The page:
By Sandhya Somashekhar
Washington Post Staff Writer
Friday, June 12, 2009; B01
Gun rights advocates gathered outside the Virginia state Capitol for a rally in January, some of them wearing their weapons tucked beneath their clothes. Among the featured speakers was Sen. Ken Cuccinelli II, one of the most conservative members of the state legislature and a fixture in gun rights circles.
Tall and lean, dressed in a black overcoat and buffered against the wind by an indigo scarf, he noted that his opposition to efforts to "roll back our right to protect ourselves" is not shared by many of his Northern Virginia constituents.
"I have a district that votes four-to-one for gun control," he told the crowd in a speech that was circulated on YouTube. "But I know defending the Second Amendment is the right thing to do. And so I've led the charge year in and year out to do just that."
That incongruity has been a hallmark of Cuccinelli's seven years as a GOP lawmaker from Fairfax County, where by his own admission, conservatives of his stripe are an "endangered species." The unusual blend of politics and geography will come into sharp focus, in ways favorable and not, when he runs statewide this year as the Republican candidate for attorney general.
Critics and fans of Cuccinelli, 40, say he is a shrewd and hardworking campaigner with a record of winning in enemy territory and a loyal following among home-schoolers, antiabortion activists and others in the conservative wing of the party. That base helped push Cuccinelli over the top at the recent Republican convention, where he secured the nomination from among three competitors.
His nomination has buoyed some Democrats who believe that his views are extreme and will benefit their candidates, particularly Del. Stephen C. Shannon, their nominee for attorney general. They hope Cuccinelli will drag down the entire GOP ticket, including Robert F. McDonnell, who has sought a more centrist path to the governor's mansion.
Among the more controversial legislation Cuccinelli has introduced is a bill that would have cut off state funding for Planned Parenthood. That same session, he proposed a law that would have allowed employers to fire workers for failing to learn English. He was a champion of the 2006 state constitutional amendment banning gay marriage and has said unequivocally that "homosexuality is wrong."
Shannon, a fellow Fairfax County resident, said: "People want folks elected to office who really try to work across party lines and who work on solutions. Ken has a different view, I think. He's very focused on what I consider hot-button social issues."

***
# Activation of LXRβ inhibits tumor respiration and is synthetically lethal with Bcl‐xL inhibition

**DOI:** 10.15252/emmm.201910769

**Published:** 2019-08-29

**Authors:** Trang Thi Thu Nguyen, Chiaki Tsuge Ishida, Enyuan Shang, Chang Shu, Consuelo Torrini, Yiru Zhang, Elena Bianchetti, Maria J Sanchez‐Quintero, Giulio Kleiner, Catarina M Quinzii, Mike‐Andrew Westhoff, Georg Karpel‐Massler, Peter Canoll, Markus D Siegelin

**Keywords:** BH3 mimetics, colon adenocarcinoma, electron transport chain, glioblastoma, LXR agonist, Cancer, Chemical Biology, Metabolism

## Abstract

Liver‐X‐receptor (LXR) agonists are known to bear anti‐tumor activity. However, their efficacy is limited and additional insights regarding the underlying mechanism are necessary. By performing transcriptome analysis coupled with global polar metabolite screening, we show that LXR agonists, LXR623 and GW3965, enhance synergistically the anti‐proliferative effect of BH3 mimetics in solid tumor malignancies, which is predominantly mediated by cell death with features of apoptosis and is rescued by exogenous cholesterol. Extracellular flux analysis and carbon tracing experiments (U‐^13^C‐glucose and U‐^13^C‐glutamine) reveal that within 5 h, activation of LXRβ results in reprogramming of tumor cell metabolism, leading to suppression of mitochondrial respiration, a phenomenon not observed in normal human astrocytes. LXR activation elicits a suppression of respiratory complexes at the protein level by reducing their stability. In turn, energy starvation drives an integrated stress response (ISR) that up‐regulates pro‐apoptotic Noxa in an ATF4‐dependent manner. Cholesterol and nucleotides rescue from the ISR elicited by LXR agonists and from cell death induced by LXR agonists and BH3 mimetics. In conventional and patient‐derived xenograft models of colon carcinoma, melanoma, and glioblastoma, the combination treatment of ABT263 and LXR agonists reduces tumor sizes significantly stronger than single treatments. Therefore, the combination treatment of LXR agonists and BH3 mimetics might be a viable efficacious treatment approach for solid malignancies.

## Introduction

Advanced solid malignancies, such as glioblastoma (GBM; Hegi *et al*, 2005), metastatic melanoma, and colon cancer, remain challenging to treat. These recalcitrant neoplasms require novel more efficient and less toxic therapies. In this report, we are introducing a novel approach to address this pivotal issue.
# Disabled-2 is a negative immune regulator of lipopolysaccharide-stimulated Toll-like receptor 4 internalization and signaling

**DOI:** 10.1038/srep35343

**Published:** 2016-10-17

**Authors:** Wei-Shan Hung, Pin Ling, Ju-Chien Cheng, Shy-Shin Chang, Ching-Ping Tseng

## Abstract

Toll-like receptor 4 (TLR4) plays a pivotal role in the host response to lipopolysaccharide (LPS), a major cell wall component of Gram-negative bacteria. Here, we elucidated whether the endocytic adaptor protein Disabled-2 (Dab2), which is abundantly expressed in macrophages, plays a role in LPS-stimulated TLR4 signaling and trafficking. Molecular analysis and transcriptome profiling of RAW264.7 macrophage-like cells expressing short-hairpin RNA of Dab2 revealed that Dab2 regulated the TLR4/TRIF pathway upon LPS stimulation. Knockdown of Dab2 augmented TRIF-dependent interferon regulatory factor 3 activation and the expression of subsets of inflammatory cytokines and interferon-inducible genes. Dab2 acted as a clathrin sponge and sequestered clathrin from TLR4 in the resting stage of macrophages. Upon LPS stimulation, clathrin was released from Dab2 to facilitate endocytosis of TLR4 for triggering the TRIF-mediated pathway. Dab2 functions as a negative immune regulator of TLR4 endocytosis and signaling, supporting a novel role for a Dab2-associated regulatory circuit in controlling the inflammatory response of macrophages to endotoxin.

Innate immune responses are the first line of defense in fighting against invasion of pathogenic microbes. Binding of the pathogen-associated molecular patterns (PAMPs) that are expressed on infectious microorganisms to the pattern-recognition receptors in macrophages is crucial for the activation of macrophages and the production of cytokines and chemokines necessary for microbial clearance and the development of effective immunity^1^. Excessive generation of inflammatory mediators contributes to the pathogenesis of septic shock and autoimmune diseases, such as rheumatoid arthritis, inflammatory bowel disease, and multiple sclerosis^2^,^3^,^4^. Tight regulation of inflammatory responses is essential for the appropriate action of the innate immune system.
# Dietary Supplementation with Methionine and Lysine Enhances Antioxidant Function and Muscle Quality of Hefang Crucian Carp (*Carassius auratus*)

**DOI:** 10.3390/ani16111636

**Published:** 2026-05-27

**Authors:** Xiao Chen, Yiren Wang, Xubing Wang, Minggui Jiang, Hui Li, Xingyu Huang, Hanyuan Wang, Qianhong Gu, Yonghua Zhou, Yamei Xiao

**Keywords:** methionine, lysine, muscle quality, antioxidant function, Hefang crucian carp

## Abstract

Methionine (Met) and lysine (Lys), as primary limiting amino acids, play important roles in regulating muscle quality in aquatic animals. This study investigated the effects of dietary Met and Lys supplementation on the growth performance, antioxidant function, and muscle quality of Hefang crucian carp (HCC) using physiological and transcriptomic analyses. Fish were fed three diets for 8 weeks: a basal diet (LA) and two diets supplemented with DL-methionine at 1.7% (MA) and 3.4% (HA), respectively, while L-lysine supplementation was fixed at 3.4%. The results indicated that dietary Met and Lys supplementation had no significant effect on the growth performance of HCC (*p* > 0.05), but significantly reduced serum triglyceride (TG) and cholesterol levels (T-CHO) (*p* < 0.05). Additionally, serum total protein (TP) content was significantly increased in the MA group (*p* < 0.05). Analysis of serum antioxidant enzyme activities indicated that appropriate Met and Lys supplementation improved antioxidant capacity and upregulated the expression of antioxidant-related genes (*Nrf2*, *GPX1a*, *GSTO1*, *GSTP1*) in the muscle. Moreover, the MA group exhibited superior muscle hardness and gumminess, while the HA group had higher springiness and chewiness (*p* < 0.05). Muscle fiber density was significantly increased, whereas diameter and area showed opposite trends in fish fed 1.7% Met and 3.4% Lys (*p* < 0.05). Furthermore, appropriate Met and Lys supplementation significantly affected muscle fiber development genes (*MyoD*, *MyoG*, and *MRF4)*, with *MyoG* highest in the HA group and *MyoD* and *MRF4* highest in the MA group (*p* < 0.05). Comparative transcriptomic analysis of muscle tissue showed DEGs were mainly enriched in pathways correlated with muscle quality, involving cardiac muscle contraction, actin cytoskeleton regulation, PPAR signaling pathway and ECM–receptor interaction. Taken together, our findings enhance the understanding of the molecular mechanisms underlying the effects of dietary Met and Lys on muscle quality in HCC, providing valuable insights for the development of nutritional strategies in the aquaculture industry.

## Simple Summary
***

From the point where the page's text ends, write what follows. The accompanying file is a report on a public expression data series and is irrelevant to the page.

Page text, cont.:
The two are not strangers. Their districts overlap, and it is their custom to have dinner once a year during the legislative session.
"This year he asked for a rain check because he said he was kind of busy. That's okay, because I think it was my year to pick up the tab," Shannon joked.
In the statewide campaign, the first for both candidates, Cuccinelli said he will call on those who have been charmed by his intelligence and affability and his unapologetic devotion to his causes, regardless of political pressure.
"The impression outside the legislature is that he's a rabid partisan who's hard to get along with and prickly," said Sen. Jill Holtzman Vogel (R-Winchester). "That could not be farther from the truth. I think it springs from the fact that he is a champion of the causes he believes in, and he does it publicly and boldly."
Cuccinelli, who is a devout Catholic and home-schools four of his seven children, has said he supports abolishing the U.S. Department of Education. A video clip making the rounds on GOP and Democratic blogs shows Cuccinelli at a spring campaign event saying that he might not obtain a Social Security number for his seventh child out of fear that it "is being used to track you."
In an interview, Cuccinelli said he supports the concept of public education but also believes in small government. He did end up obtaining a Social Security number for 2-month-old Max, he said, and explained that his comments were part of a larger discussion about privacy and the over-reliance on Social Security numbers for identification purposes.
He has made a name for himself in less-divisive ways. He was a leader two years ago in rewriting some of the laws governing the state mental health system after a mentally disturbed Virginia Tech student killed 32 people and himself in a mass shooting on campus. Although he supports the death penalty, he has opposed efforts to expand it. He has also pushed legislation to limit the government's use of eminent domain to take private property.
He is unapologetic about his views that are less popular close to home. There's the "finger-in-the-wind style of leadership," he said, "and then there is what I think the founders had more in mind, which is a bolder form of leadership in which you do what you think is right and you are then obligated to turn to your constituency and say, 'This is why I did what I did.' And you stand for it at the ballot box."
Many of Cuccinelli's critics say his attempt to win statewide office is an acknowledgment that he would not survive another election cycle in Northern Virginia. He narrowly beat his last Democratic opponent, and his Senate district went more than 55 percent for Barack Obama last fall. Moreover, he could lose some of his base when district boundaries are redrawn in 2011.
Now that he has a broader pool of voters to choose from, Democrats are not taking the challenge lightly.
"I think it's easy to underestimate Ken. He has not survived this long on poor political skills," said Scott Surovell, chairman of the Fairfax County Democratic Committee.
He said he expects Cuccinelli's open embrace of divisive views to lead to his political demise. "The one thing I've learned about Ken Cuccinelli is that Ken rarely hides who he is. He's only going to accept so much rebranding."